Western Montana woke to the state’s largest earthquake since 1964, when a 5.8 magnitude temblor struck 80 miles east of Missoula at 12:30 a.m. Thursday.
That was followed six minutes later by a second quake, and over the next 18 hours by several lesser aftershocks.
According to the U.S. Geological Survey, the first earthquake struck at a depth of three miles. The second quake had a magnitude of roughly 4.9 and could be heard seconds before it hit.
“I could hear the second one coming for about 8 to 10 seconds before it hit,” one Missoula witness reported. “It was a faint rumble, like a jet taking off in the distance. The house creaked and seemed to sway, and the chimes began to clang.”
“This is a reminder that we live in earthquake country and a significant earthquake could happen at any time,” said Michael Stickney, senior research geologist and director of earthquake studies at the Montana Bureau of Mines and Geology in Butte. “This was the biggest earthquake in Montana since 1964.”
Stickney was still checking his equipment and compiling reports Thursday morning, but said the quake was large by Montana standards, but would be considered moderate globally.
All earthquakes of this size occur on a fault line, Stickney said. Thursday’s temblors were on a blind fault – a fault that is not on any map. It lies nine miles below the surface in the Lincoln area, he said.
Stickney said earthquakes in western Montana normally occur on these blind faults. It’s probably not the first earthquake on this blind fault, he said. The Lincoln area is known for seismic activity.
Western Montana should expect more aftershocks – at least two were felt shortly after the initial quakes Thursday, though there is a possibility for larger aftershocks, Stickney said. Most aftershocks happen soon after main shock, he said, but they become less frequent and less intense as time passes.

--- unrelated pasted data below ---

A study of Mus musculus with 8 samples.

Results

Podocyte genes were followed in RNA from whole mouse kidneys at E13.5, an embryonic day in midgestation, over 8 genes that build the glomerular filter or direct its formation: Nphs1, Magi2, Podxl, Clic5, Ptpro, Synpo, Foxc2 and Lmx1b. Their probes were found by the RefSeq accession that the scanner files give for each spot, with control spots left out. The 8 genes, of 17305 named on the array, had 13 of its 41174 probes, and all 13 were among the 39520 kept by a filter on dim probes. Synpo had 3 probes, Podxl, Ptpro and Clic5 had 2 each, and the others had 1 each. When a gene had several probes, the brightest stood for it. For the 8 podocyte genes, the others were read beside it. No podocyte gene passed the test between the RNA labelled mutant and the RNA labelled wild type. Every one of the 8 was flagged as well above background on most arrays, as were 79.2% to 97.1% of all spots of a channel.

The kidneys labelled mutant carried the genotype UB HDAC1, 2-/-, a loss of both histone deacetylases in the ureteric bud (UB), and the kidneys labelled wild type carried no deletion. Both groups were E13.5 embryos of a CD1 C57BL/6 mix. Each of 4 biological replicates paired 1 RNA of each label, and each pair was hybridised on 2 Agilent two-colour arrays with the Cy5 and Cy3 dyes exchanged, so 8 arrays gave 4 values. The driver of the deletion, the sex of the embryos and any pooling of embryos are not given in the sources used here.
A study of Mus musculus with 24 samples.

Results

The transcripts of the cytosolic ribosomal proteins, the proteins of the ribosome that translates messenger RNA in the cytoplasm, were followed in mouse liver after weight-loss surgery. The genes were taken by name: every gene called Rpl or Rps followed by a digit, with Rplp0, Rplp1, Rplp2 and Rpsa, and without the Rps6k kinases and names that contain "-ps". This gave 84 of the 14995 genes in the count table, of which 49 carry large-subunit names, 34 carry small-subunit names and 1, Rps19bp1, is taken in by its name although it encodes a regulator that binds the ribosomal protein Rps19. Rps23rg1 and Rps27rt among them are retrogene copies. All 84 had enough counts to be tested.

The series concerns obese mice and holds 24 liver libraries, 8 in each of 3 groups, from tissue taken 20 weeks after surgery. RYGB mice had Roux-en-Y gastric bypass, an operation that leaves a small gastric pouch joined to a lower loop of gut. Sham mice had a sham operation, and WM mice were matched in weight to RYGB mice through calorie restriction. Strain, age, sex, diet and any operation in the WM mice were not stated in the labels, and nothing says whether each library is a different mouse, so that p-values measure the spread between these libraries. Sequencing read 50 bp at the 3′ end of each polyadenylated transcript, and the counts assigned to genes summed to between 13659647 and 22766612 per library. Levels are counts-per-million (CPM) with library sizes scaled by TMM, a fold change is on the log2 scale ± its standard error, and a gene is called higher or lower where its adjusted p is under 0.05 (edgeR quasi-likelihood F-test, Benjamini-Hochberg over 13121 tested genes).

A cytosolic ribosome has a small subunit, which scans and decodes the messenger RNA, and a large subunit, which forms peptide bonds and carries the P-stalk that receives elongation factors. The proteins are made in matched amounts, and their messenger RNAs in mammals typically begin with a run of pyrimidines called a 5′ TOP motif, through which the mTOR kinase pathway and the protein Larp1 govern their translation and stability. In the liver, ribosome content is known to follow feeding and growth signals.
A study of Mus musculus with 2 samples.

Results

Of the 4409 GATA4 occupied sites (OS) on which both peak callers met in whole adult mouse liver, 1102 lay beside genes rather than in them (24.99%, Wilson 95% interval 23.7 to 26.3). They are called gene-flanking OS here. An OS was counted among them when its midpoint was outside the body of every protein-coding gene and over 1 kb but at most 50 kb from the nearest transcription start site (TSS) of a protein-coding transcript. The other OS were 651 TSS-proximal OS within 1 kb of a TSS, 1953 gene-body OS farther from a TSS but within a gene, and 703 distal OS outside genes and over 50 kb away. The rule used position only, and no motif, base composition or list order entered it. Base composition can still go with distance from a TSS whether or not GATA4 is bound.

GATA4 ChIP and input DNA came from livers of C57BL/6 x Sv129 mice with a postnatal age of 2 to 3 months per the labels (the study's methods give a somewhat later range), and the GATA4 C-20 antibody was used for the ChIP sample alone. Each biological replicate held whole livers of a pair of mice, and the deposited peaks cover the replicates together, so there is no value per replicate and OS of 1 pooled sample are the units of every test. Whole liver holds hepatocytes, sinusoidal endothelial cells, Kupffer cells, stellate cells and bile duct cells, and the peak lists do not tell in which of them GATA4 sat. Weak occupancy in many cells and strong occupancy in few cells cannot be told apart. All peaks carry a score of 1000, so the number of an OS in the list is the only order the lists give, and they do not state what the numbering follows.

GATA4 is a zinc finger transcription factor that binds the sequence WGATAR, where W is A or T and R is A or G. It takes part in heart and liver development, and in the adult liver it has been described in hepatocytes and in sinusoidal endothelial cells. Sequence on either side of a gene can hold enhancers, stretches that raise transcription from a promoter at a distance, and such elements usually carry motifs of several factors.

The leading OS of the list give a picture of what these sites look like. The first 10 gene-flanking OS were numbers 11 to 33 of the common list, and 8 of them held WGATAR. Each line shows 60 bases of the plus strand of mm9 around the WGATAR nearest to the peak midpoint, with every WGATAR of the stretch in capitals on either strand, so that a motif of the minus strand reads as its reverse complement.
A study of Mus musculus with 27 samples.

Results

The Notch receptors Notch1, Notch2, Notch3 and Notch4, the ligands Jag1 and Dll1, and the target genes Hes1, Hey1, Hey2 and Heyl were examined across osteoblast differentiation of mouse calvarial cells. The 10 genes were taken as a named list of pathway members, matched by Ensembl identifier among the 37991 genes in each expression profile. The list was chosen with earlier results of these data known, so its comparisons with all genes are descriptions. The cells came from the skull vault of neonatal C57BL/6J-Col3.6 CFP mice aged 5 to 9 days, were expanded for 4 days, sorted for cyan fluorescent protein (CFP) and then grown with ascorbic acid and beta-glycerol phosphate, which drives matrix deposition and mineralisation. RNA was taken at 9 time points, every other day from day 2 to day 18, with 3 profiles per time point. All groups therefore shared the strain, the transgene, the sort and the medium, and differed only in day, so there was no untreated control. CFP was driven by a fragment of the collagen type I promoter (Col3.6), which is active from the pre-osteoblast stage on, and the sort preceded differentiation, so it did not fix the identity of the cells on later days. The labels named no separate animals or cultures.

There were two small, very minor earthquakes in the past week, according to the USGS, but that’s not unusual for the Lincoln area.
Witnesses from across the region reported feeling the temblors, including residents in Missoula, Bozeman, Helena and Salmon, Idaho. Residents in Lincoln, closest to the epicenter, reported “strong” to “very strong motion.
Thus far, damage reports have been limited to broken glass in Lincoln and Helena, where bottles and glasses fell off shelves in stores, homes and taverns.
The temblors and aftershocks immediately lit up social media with first-person accounts.
“Shook the house and beds,” one witness in Craig reported. “Lasted for about six or seven seconds, but had aftershock that lasted about three seconds.”
Several dozen Missoula residents reported feeling the quakes.
“Standing in kitchen and was almost knocked off my feet,” one Miller Creek resident reported. “Have been through many quakes, this one is the hardest hitting one I have felt. Almost violent shaking, house was moving for a good 20 seconds after quake then the second one hit and rocked the house hard a second time.”
“I’m from SoCal where earthquakes are a norm, and this one scared the living daylights out of me,” another Missoula witness on McDonald Avenue reported.
The aftershocks continued throughout the early morning. The U.S.G.S. reported at least three additional temblors, including a magnitude 4.5 at 1:02 a.m., a 3.9 at 1:08 a.m. and a 4.4 at 1:27 a.m.
“We are staying at Holiday Inn in Missoula MT on the third floor,” a Missoula visitor reported. “It felt like the bottom floors were being swept from underneath us!”